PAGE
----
Home Health & Fitness World Hepatitis Day – A Word With Dr. Adams Kimura Of Equity Afia

World Hepatitis Day – A Word With Dr. Adams Kimura Of Equity Afia

by Femme Staff

What Is Hepatitis?

Hepatitis is an infection or inflammation of the liver where we have an infective agent that attacks your liver. The liver is a very important organ located on the right side of the abdomen.

What Is the Difference Between Hepatitis A, Hepatitis B and Hepatitis C?

There are several agents that cause hepatitis – viral, bacterial, fungal or toxins and other things. When it is viruses, the most common are named A, B, C and D based on their structure.

How Common Is Acute Hepatitis B in Kenya?

Acute hepatitis B is a very common infection because it is easily transmitted in many ways, mainly through blood and semen products. Transmission by blood happens when you touch blood with your bare hands or come into contact with blood in any way. This is where we talk about piercings, IV drug users sharing needles, tattoos that are done incorrectly, and many other instances where blood can transfer. With semen it is mostly unprotected sex with multiple partners.

Can I Donate Blood, Organs or Semen if I Have Hepatitis B?

No, you cannot. You will infect another person and you do not want to carry that risk.

What Are the Symptoms of Acute and Chronic Hepatitis B?

Acuteness is in the period in which you have acquired the infection and developed the disease. If this has happened within the first six weeks, we call that acute. Symptoms are pain in the liver which is at the right upper area of the abdomen. There are fevers, lethargy and vomiting like with other normal infections but the most specific for Hepatitis B are liver pain and yellowness of the eyes.

Can a Person Spread Hepatitis B Without Having Symptoms?

Yes. Most People with Hepatitis B are asymptomatic and recover without major concerns and a percentage that doesn’t recover become carriers of the virus. Both carries and infected but asymptomatic people can spread the virus and more so carriers because they harbour it for longer periods of time, even years. We worry more about carriers because asymptomatic people will just recover and clear the infection in weeks so transmission is low.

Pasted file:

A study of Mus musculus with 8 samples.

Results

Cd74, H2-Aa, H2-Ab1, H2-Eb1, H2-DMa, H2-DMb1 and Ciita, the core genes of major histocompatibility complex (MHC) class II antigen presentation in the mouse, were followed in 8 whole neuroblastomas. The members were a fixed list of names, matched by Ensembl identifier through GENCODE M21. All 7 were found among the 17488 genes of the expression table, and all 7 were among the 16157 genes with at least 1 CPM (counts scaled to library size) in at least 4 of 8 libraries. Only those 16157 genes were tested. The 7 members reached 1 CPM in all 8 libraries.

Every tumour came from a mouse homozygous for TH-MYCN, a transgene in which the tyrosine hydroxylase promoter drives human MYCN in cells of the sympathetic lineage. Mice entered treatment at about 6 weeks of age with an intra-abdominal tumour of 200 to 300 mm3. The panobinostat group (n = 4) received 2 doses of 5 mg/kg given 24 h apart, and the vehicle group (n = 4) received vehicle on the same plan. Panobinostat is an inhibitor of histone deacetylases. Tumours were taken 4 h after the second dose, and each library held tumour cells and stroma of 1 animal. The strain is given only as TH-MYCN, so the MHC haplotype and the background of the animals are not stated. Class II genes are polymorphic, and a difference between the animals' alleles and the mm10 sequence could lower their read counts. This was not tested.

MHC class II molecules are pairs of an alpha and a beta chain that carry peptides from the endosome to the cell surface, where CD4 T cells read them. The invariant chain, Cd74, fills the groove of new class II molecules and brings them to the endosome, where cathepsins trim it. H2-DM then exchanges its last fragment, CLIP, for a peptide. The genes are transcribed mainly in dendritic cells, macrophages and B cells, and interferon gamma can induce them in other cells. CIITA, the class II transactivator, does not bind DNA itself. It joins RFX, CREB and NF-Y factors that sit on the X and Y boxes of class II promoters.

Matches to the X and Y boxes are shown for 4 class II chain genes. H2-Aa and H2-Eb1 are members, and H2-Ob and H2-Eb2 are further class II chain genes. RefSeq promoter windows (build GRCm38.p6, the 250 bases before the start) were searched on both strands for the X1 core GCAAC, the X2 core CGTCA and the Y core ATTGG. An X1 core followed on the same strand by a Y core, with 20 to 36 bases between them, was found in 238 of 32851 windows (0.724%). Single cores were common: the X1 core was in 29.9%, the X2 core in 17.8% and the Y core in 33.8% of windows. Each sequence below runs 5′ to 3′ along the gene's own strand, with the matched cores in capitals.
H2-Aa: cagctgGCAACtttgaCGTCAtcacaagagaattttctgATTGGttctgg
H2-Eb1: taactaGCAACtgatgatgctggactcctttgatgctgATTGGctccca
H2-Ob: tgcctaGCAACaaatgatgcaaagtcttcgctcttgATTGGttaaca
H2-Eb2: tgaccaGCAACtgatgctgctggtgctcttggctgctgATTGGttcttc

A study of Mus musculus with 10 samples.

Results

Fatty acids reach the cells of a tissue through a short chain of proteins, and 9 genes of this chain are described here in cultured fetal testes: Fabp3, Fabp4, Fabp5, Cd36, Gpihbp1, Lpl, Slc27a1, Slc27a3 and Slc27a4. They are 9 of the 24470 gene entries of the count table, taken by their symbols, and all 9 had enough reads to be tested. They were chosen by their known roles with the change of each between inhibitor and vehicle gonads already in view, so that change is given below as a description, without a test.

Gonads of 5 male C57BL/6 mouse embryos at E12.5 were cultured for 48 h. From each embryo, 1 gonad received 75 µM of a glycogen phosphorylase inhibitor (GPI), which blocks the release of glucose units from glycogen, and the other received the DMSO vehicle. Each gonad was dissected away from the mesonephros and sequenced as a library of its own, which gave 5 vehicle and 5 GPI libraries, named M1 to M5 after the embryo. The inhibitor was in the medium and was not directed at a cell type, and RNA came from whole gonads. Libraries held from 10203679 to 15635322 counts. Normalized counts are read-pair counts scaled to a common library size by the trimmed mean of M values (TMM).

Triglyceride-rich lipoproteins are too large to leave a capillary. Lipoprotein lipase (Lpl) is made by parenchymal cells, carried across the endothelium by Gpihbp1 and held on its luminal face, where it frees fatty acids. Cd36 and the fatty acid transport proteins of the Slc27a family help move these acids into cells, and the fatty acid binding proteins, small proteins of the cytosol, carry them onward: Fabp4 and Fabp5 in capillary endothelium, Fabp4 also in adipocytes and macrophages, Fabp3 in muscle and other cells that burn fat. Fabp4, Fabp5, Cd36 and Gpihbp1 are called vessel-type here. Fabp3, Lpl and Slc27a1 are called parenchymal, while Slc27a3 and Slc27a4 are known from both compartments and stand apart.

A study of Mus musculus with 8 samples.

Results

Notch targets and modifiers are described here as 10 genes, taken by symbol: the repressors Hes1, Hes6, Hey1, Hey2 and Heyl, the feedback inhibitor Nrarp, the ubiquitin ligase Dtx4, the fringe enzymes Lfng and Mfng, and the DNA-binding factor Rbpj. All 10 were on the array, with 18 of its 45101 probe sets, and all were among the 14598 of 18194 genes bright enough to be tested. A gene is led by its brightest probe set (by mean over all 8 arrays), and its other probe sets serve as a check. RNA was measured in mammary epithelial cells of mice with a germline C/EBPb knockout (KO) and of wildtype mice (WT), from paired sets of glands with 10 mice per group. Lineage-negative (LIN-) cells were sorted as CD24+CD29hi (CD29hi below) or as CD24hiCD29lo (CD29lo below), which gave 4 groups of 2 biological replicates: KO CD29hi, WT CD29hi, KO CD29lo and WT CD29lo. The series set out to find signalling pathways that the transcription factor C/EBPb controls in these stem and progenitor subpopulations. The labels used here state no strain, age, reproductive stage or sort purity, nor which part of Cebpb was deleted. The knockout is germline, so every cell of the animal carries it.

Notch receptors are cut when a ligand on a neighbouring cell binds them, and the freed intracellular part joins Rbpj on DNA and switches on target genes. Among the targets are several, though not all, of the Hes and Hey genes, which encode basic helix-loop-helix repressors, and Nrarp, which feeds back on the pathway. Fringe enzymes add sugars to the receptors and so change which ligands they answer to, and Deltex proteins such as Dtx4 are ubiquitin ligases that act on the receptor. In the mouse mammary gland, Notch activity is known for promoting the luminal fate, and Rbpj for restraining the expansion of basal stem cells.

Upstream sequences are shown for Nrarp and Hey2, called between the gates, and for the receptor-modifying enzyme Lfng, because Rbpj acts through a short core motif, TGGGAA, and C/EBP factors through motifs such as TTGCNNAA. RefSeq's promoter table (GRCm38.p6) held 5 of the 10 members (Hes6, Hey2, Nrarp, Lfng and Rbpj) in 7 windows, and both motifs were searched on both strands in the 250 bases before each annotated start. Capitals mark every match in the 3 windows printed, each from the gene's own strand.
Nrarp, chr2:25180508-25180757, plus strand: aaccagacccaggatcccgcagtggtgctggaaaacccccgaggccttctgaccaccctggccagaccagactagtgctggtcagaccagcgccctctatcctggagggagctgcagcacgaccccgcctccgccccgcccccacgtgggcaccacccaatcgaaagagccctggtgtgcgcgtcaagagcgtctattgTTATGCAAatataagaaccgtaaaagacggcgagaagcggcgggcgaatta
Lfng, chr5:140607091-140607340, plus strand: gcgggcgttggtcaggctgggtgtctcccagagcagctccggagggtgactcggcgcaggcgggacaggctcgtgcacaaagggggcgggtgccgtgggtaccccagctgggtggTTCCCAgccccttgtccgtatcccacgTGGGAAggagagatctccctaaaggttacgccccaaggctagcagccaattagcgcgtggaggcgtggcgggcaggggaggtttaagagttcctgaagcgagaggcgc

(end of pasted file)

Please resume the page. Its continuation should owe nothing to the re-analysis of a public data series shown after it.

How is acute and chronic hepatitis B treated?

There are specific agents that kill the virus, basically antiviral. Depending on how the infection has affected the patient, other interventions may come in.     

What can people with Chronic Hepatitis B do to take care of their liver?

Chronic Hepatitis B can damage the liver and so to avoid further damage, avoid things like alcohol that are already known to affect the liver. Seek treatment if infected, then be keen on your lifestyle and avoid drugs and medicines that may affect the liver. They should inform the doctor of their condition before seeking any prescription.

Can Hepatitis B be prevented?

Yes. Hepatitis B can be prevented with vaccination. Every virus prevention starts from infancy, and we have vaccines for children. But even as an adult you can get vaccinated, and get boosters especially for people who work in high-risk areas, eg healthcare workers who come into constant contact with blood and seminal material. IV drug users and commercial sex workers should also be keen to vaccinate. Prevention also involves screening and treating infected people in good time.

Can a pregnant woman pass Hepatitis B to her unborn child?

Yes. Vertical transmission as we call it is possible and its actually a problem. It is important for women in the reproductive age to ensure that they are vaccinated against Hepatitis B. As part of ante natal checkups, we screen for such viruses which can move from the mother to the unborn child and cause problems for the baby.  

Why is the Hepatitis B vaccine recommended for all babies?

For a preventable disease, you wouldn’t want to risk your children or anybody else to getting infected and risking permanent damage to the liver. It is therefore highly recommended that we make use of the vaccine. Remember that as much as 90% of infected people may recover, 10% may develop chronicity and have liver damage which could lead to liver failure.